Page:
Marketing To Cyborgs
This past March at the South By Southwest festival in Austin, Texas, one of the world’s renowned futurists, Ray Kurzweil, declared “health” an information technology. The genome is complete, and the era of personalized medicine has begun. Biology will begin to adhere to his famous “Law of Accelerating Returns.”
Just as Moore’s Law foretold the exponential trajectory of the computer processor, the technology of our bodies will exponentially change as devices get smaller, sensors get better, and we begin “turning off” genes we don’t need but still have, thanks to the glacial pace of natural evolution. Another speaker there, Amber Case, calls herself a “Cyborg Anthropologist”—pointing to our growing dependence on mobile devices as part of our very being (anyone remember storing 30 telephone numbers in their heads?), as only the beginning of our ascent into machine-assisted cyborgian culture.
There are also no shortages of exciting start-ups and new devices arising, heralding the dawn of a new healthcare revolution—the Scanadus and Corventis; AliveCors and Soteras, all promising pieces of the quantified self.
And then there is the less-hopeful, non-futurist view of health. The political movements and media-fueled epidemic warning flags. Nearly 32% of children ages 2 to 19 are considered overweight or obese. Seventy-seven million Baby Boomers will be eligible for Medicare over the next 16 years, driving costs up faster than we can fix the broken stuff.
Health is the topic of our era.
And yet many pharma marketers continue to act as though their customers don’t have any other choice but to consume their messages. They spend days and days in market research perfecting that message—rather than listening to their customers’ conversations that are already happening, or better yet, connecting with them in news ways to create innovative solutions to shared problems.
Over 50% of people consider it important to be seen as someone who can see through exaggeration and hype (Yankelovich Monitor, 2005/2006). That means skepticism is a cultural value. And trust is hard-earned. Trust, in people as well as brands, is created by listening, providing value and relevance, being authentic and genuine, having open and honest communication, and being responsive. The pharma industry has a tough time simply being responsive.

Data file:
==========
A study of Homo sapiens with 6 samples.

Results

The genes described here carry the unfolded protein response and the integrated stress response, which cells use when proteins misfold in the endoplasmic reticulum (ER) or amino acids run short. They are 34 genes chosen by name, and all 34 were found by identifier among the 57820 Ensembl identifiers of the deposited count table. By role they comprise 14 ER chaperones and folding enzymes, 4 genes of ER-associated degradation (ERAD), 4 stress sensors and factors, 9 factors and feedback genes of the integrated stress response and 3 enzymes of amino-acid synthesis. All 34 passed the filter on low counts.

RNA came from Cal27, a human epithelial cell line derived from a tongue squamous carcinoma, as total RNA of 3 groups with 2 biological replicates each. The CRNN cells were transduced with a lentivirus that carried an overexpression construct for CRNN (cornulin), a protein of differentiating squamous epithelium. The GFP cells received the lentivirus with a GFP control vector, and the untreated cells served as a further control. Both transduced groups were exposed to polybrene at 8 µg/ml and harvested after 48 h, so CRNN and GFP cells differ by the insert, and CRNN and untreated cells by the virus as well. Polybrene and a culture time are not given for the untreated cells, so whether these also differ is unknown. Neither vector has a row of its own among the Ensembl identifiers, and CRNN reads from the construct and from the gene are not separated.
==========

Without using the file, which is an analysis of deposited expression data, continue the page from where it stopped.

Now we all know the challenges around being in a highly regulated industry. Most of the regulations that have been put in place over the years were put there for a reason — to protect the patient. And the irony is that more informed patients, and their endless social graphs and skeptical cultural values, probably wouldn’t need those protections much anyway because the truth of a product will come out despite off-label promotions. We’d take out our phones and hit up an association site, Facebook or Wikipedia, and/or MediGuard, or Treato. Or, if we’re a physician, check Epocrates, Sermo, Medscape, LinkedIn, or send a HIPAA-compliant text to Doximity.
It’s time for pharma marketers to recognize the “Law of Accelerating Returns.” Understand the deep needs, desires, and concerns of your key customers and their influencers. Build relationships through content and services, not messages. Collaboratively with your customers, determine which ideas, utilities, or platforms you can proactively create to maintain positive relationships. Get responsive! Answer tweets in real-time. Open your Facebook walls for commenting. And think about your mobile strategy first. Stop worrying about channels and start engaging your cyborg customers. Because according to the “Law of Accelerating Returns,” they’ll need the information wrapped around your molecule even less tomorrow, but they’ll trust the brand that helped them fix something, or saved them time, or gave them confidence, or shared social currency… or listened.